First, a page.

Former Wilton resident Edward Beach Mack, of Mesa, Ariz., died on Sept. 2, 2016. He was 89.

He was an eighth generational native of Connecticut. Born in Watertown, Conn., on June 10, 1927, he wa the only son of the late Harold P. and Ruth Beach Mack Johnson. He graduated from Rogers High School in Newport, R.I. in 1944 and joined the U.S. Army Air Force where he served with the 8th Weather Wing in Labrador.

His academic studies and training took him to Southern Connecticut State University, Yale University, Columbia University, University of Chicago (as a John Hay Fellow), Williams College, and the University of Bridgeport.

Mack and his wife Jean moved to Mountain Road in Wilton in 1954 when he became a teacher in the Wilton Public Schools. He remained with the school system for 33 years as an art instructor and department chairman. The couple raised their three daughters in Wilton and Weston (where they moved in 1957). He also taught art history for several years at Housatonic Community College in Bridgeport.

The couple was active in community affairs, among them the Wilton Playshop, Wilton Library Association, Ogden House, the Silvermine Guild of Artists, Ridgefield Guild of Artists, Wilton Congregational Church, Zion’s Hill Methodist Church, The Wilton Singers, youth camps such as the 1960s-era Camp PIP, and many other local organizations and activities. In his capacity as an artist and teacher, he involved himself in many aspects of student life in the Wilton schools, from drama and music to science and industrial arts. Mack’s hand-lettered signs at School Road and Danbury Road advertised science fairs, concerts, plays, rummage sales, and you-name-it. He also created and exhibited his own artworks in a variety of media and styles.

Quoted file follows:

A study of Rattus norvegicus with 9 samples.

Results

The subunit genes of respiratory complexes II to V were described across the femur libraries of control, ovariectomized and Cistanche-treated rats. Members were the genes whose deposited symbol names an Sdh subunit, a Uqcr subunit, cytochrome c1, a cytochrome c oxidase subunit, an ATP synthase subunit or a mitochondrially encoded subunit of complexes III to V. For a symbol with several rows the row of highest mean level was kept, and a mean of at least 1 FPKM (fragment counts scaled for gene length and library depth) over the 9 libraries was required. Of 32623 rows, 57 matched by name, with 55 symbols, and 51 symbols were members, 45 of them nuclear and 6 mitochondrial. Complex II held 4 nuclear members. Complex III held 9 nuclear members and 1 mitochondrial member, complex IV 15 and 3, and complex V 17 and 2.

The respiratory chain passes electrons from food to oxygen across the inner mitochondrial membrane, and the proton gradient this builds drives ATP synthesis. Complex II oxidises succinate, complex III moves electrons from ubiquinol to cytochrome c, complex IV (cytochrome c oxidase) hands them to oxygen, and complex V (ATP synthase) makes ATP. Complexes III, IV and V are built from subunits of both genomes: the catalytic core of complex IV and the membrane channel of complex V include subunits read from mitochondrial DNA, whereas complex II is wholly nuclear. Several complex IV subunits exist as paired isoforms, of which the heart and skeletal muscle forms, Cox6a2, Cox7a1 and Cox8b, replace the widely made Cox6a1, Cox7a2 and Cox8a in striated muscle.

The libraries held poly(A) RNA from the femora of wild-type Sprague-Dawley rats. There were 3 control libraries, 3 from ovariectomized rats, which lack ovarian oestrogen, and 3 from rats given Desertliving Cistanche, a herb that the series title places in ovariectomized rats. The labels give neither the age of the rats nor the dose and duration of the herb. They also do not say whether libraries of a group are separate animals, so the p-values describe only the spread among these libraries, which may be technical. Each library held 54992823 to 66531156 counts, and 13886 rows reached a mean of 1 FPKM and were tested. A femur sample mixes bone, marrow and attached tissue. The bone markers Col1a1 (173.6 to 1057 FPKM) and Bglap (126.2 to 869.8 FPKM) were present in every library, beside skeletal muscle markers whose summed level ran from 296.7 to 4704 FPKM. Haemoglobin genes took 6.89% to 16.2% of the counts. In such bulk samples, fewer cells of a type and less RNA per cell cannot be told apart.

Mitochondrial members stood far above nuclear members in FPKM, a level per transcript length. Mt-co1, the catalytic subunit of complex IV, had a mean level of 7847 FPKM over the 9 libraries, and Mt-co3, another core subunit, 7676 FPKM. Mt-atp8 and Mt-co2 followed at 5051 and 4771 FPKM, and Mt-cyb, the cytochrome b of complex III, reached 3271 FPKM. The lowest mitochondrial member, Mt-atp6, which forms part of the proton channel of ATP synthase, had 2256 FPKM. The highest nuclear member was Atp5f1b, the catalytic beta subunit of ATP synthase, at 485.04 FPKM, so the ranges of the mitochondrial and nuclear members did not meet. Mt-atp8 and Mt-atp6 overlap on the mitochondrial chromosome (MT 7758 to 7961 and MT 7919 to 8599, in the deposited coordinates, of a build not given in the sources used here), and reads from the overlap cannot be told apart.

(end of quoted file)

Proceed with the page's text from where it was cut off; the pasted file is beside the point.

After retiring to Mesa, Ariz., in 1994, Mack volunteered his time and skills for the Heard Museum Guild, the Arizona Museum of Natural History, the Mesa Arts Center, and two international organizations (International Executive Service Corps and Conservation International) that sent him to Honduras and Guatemala as a design consultant to indigenous artisans and woodcarvers.

In Arizona Mack continued the amateur archaeological work he had begun in Connecticut (through Norwalk Community College’s Archaeology Club) by volunteering with site restoration projects by the Southwest Archaeology Team (southwestarchaeologyteam.org/new%20ed.jpg) affiliated with the Arizona Natural History Museum. He was recently honored with a plaque by the museum for his 20-plus years as a volunteer sculptor assisting with exhibition design, especially his full-size recreation of a Pteranodon sternbergi, a bird-like dinosaur with a 24-foot wingspan (arizonamuseumofnaturalhistory.org/explore-the-museum/exhibitions/rulers-of-the-prehistoric-skies).

Mack was predeceased by his wife, Jean Baker Mack, in 2009. Survivors include daughters Jan Northcutt, Lyn Mack (Larry Welty) and Wendy Mack Allred (Jeffrey) of Mesa, Ariz.; a sister, Audrey Mack Hall (Harold) of Phoenix; a niece and several cousins.

Memorial contributions may be made to: Mack Art Scholarship, Mesa Arts Center Foundation, 1 E. Main St., Mesa 85201; and/or The Edward & Jean Mack Endowed Music & Art Scholarship, Southern Conn. State Univ., 501 Crescent St., New Haven CT 06515.